Nowadays, food trucks are as common as any kind of restaurant. They are everywhere; they offer all types of food, but above all, they are delicious. To the point that none of us can imagine a time when these food trucks didn’t exist.

But have you ever thought about what made them so popular?


Just like you read it. This culinary phenomenon is also proudly a Latino invention. But how did it happen?

Another delicious Aztec tradition

While there was always street food at the beginning of human civilization — just think of markets in ancient Rome —- in the Americas, we owe the tradition of street food to the Aztec civilization.

In Aztec markets, it was common to see vendors offering drinks such as atolli, many types of tamales, insects and stews. The syncretism resulting from colonization diversified the offer. By the 18th century, many street food vendors were fighting with the New York City government for permits to set up on street corners.

However, this phenomenon has been setting the culinary standard on the streets in cities like Los Angeles for more than a century.

Tamale Co. horse-drawn delivery wagon, 1906.

The tamale and taco food truck revolution

During the last decades of the 19th century, horse-drawn wagons selling food abounded on the streets of Los Angeles. As Gustavo Arellano explains in his book “Taco USA: How Mexican Food Conquered America,” these vehicles dominated downtown in the 1890s. From the old plaza near what is now Olvera Street, southwest toward 6th Street, the saloon streets were filled with carts and wagons after dark. The menu was as diverse and delicious as it is today. 

From popcorn to pig’s feet, oyster cocktails to sandwiches, there was something for everyone. However, most of these early food trucks offered tamales prepared elsewhere and kept warm in steaming buckets. Demand led to innovation; before long, the vehicles became rolling kitchens.

As Arellano explains, in 1901, more than a hundred tamale wagons were traveling around Los Angeles. Each one paid a dollar a month for a municipal business license, and the fad gradually migrated from state to state.

Los Angeles, California, 1938. A Mexican woman cooks tacos on Olvera Street in the Mexican quarter. Credit: Getty Images.

A tradition passed down from generation to generation

Despite the reluctance of governments and whites to allow the multiplication of Latino food trucks in their cities, the so-called loncheros never disappeared.

The last tamale wagon that circulated on the highways of Southern California belonged to the Morales family. Called the “Tamale Wagon,” it went down in history since it was a legendary race car. Since then, many families have carried on the tradition.

Beginning in the 1940s, with the automobile revolution, the Tamale Wagon finally got its place in the annals of history.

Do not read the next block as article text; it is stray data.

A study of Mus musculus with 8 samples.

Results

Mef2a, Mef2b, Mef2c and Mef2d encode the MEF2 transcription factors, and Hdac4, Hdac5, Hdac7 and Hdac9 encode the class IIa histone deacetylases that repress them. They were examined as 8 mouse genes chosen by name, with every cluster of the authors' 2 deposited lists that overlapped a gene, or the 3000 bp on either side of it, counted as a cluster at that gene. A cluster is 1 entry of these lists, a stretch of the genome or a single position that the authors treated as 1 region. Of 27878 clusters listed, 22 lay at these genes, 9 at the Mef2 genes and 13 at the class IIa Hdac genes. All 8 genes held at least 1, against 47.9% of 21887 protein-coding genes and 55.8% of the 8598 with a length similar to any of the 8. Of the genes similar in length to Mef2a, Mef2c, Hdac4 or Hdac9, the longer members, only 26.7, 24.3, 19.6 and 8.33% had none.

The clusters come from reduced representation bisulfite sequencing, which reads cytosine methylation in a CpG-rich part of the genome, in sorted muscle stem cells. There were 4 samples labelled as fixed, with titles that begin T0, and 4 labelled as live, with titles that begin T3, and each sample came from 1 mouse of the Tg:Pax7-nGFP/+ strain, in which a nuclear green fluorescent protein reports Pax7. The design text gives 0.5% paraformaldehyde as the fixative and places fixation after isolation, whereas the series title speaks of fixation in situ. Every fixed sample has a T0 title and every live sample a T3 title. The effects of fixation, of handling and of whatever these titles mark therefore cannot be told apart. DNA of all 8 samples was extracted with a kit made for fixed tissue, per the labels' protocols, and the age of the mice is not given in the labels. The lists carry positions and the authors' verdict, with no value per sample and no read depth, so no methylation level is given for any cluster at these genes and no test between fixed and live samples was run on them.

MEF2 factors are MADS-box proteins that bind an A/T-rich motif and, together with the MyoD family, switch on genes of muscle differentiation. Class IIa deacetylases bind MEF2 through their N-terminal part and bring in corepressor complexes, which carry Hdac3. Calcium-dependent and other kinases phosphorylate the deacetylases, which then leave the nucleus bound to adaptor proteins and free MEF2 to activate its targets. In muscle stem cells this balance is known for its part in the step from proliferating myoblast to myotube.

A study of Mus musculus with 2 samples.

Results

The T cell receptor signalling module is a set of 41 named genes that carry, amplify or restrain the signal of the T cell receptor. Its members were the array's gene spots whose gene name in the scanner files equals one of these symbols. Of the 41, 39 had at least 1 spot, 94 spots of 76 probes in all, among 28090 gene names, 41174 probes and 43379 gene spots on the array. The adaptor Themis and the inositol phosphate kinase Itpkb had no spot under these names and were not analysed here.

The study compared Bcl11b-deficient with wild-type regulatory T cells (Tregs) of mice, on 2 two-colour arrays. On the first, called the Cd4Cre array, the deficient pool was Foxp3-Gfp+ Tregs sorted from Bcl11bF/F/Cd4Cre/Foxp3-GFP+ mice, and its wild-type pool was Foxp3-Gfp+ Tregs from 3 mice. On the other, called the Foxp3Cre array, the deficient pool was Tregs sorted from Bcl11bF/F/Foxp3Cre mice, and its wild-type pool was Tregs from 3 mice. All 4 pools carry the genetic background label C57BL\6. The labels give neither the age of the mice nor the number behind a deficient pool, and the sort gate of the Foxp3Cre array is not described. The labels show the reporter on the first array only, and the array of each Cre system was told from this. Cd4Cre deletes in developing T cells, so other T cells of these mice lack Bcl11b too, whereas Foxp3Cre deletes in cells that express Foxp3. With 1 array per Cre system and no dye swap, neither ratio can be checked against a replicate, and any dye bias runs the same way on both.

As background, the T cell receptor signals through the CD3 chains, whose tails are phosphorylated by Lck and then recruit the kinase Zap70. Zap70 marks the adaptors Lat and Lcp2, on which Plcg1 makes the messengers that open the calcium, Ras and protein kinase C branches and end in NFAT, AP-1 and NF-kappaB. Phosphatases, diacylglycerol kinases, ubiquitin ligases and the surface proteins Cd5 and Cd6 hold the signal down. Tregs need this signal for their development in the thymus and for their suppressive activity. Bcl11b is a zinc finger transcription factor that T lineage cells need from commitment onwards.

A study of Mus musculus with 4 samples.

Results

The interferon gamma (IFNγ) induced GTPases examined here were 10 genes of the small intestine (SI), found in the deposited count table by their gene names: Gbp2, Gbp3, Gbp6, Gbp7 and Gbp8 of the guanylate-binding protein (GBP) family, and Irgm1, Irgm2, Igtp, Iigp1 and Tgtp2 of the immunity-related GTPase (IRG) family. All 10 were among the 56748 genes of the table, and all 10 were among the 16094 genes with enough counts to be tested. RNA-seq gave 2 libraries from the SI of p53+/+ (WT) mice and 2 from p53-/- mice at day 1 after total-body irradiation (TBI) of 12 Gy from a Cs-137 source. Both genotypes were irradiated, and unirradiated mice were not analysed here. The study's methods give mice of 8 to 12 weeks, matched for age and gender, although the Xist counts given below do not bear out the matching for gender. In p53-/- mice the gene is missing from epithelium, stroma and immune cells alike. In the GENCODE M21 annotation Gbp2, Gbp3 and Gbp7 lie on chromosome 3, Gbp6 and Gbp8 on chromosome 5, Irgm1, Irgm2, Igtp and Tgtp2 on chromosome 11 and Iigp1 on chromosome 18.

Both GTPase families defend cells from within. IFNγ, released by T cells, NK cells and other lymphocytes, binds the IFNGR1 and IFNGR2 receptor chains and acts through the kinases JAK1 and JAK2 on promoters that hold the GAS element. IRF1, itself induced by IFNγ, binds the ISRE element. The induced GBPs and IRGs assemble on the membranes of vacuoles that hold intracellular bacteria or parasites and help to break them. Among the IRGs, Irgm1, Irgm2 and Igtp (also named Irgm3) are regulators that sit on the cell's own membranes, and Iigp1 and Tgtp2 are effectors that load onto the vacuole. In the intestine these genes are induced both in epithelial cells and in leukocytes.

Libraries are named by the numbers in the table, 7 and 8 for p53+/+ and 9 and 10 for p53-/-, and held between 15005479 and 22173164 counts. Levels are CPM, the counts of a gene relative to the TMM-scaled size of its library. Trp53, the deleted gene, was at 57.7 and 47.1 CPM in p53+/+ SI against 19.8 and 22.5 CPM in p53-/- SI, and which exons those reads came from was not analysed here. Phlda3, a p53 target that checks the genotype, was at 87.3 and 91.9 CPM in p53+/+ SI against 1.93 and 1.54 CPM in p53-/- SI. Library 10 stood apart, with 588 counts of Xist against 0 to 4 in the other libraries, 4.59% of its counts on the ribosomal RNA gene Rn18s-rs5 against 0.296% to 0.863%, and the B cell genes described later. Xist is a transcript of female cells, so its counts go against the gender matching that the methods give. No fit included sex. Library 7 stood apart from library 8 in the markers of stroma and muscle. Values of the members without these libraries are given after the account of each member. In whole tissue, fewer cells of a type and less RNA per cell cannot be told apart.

“Pedestrian culture waned as automobile culture gained in popularity. People weren’t walking the streets to places; they were driving. So vendors got pushed off the sidewalks for decades,” Sarah Portnoy, professor at the University of Southern California and author of Food, Health and Culture in Latino Los Angeles, told Thrillist.

Thirty years later, the loncheros were still moving around the city. They went from job site to job site, selling cheap lunches to workers.

According to Portnoy, it wouldn’t be until a few years later, as the construction business waned in the late ’70s and early ’80s, that the trucks began to look for places to park.

“They started parking in fixed locations,” she says, “and had fixed clientele that knew they would be in this one spot, wherever it was: Downtown, Boyle Heights. So they became part of Los Angeles culture.”

Credit: Getty Images.

Tamaleros vs. the government

Despite the food trucks’ popularity, the local government never looked kindly on them. Between fines and bureaucratic hurdles, tamaleros faced government attempts to “clean up” downtown Los Angeles during the first decade of the 2000s.

Time magazine called it “The Great Taco Truck War,” when tamaleros decided to stand up to the government and fight for their rights. The Loncheros L.A. Familia Unida Association of California was born to oppose the government’s exorbitant fines.

At the same time, historically Latino neighborhoods in LA like Echo Park and Highland Park started gentrifying, Portnoy says. Foodie hipsters became new fans of the trucks and teamed up to fight back against the ordinance by creating an online petition under the slogan “Carne Asada Is Not A Crime.”

Today, street food is not only a cultural heritage. It is also the inspiration for other cuisines that have done the same, creating an industry with significant economic impact. According to the latest figures, revenue for food trucks alone increased by 9.3% from 2010 to 2015, with an estimated $1 billion in sales in 2019.

Not bad for a tradition that started with horse-drawn carts, right?